Saturday, December 8, 2012

Savor the Winter Season Locally

When you think of growing produce, herbs, and spices, Arizona may not be the location that comes to mind, but, as it turns out, it is the perfect place to grow these edibles.

“Winter is the biggest season for growing produce in Arizona,” said Joshua Sundberg, sustainable gardening instructor at Rio Salado College. “You don’t lose food to the winter here, and you don’t even really lose it to the heat. This is one place where you can literally have a garden year round.”

During winter, greens and other vegetables like kale, arugula, broccoli, eggplant, cabbages, tomatoes, and peppers are readily available.

Sundberg says some of these foods and others are even better when left on the vine.

“Some plants like melons and others are better the longer they are left on the vine,” Sundberg said. “As the plant is ripens, all of the acids turn into sugar making it sweeter.”

This is also the case with peppers.

“Peppers that are watered a little bit less have to work harder to provide a better product so you get hotter, sweeter peppers,” Sundberg said.

Spice up your Cuisine 
Another plus for Arizona’s growing season is the ability to keep herbs in your garden year round.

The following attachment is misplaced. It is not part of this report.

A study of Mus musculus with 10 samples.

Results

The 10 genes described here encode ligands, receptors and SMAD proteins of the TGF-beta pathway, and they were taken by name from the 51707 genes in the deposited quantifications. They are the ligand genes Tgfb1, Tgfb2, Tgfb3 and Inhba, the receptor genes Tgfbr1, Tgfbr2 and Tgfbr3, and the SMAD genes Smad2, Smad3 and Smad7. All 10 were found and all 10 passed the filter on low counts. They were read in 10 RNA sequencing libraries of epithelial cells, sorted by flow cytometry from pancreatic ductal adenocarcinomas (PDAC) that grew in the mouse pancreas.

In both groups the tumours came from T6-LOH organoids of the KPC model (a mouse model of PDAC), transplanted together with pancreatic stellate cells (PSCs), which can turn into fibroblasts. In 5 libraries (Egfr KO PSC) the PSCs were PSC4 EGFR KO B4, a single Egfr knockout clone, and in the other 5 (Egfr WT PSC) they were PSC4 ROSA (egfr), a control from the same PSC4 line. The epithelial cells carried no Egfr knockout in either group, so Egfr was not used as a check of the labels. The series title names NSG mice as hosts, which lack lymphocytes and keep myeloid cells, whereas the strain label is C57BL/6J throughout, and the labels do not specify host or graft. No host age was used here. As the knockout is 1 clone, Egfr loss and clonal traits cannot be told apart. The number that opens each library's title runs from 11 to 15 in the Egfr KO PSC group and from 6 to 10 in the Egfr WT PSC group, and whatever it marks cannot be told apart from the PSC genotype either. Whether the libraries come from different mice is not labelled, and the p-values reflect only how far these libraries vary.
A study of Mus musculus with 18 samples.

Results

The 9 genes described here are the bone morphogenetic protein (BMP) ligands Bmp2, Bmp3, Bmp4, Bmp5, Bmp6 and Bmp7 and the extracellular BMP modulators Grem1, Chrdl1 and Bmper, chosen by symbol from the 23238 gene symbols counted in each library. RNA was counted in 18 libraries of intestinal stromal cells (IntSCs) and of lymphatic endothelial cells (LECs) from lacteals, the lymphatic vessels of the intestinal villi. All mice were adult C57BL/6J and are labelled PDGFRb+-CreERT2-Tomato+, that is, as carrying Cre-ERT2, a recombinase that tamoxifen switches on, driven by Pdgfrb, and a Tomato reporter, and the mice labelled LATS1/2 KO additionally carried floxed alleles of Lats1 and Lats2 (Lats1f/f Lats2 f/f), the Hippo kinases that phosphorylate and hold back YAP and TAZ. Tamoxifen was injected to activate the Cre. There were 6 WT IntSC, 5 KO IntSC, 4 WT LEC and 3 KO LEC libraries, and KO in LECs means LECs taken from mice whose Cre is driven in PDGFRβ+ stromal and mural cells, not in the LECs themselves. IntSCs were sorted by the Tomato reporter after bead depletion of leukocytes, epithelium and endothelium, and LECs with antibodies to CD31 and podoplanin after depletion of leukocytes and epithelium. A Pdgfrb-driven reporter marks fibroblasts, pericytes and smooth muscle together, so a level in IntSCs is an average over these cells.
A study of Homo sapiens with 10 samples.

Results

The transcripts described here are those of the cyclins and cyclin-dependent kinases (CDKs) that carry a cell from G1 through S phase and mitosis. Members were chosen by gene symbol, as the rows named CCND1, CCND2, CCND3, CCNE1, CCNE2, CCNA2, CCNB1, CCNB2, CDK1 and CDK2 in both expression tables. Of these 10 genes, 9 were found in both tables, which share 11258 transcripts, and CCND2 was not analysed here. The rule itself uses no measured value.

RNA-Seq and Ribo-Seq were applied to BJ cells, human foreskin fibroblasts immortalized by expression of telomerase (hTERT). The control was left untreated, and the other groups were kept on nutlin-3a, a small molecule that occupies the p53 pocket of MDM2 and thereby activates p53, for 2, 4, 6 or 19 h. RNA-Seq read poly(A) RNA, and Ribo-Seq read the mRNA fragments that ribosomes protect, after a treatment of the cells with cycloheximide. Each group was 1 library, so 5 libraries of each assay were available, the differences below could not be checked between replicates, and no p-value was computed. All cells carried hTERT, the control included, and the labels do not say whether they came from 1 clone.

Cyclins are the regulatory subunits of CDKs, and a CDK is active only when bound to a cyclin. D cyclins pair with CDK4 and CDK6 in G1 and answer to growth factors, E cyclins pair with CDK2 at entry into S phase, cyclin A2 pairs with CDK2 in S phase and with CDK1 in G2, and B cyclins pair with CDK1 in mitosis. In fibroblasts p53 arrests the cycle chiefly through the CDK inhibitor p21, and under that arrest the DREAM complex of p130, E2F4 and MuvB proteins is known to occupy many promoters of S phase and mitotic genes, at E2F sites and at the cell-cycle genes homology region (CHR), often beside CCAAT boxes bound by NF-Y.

“Rosemary, basil, pineapple sage, and lemon grass are a few examples,” Sundberg said.

As the season changes, the Café at Rio tries to focus on herbs like these and other seasonal foods.

“Over the winter, greens from our garden and local farms will be featured in the Café,” Sundberg said. “We love to use broccoli rabe and arugula, and I’ve planted rainbow chard this year. It has a really awesome splash of color.”

Sundberg says the nice thing about having a garden on-site is that things are usually harvested based on need which helps to reduce the amount of leftovers.

When dealing with leftovers this holiday season, Sundberg suggests turning those foods into compost or using them in combination with other foods to make an entirely new dish.

Here’s one chard recipe to try this holiday season.

Sautéed Swiss Chard With Parmesan and Lemon Serves 2-4

2 tablespoons olive oil

1/2 medium yellow onion,  julienned

2 cloves of garlic, sliced thin

1 bunch Swiss chard, chopped

2 tablespoons water

2 teaspoons lemon juice

2 tablespoons Parmesan cheese, grated

Salt and black pepper to taste

In a skillet over medium-high heat, heat olive oil.

Add onion and sauté until translucent.

Add garlic, sauté for 30 seconds and then add greens.

Sauté greens for 1 minute and then add water. 

Cover skillet and reduce heat to medium. Let greens steam for 2 minutes.

Top greens with Parmesan cheese and fresh squeezed lemon juice. 

Add salt and fresh ground pepper to taste.

Note: Many recipes call for you to remove the center stem of greens. If your greens are young and tender, this is not necessary. Try this recipe as an appetizer served on top of garlic-rubbed bruschetta toast or as a side dish with your favorite fish. 

This article can also be found in the December 7 edition of the Tempe Republic.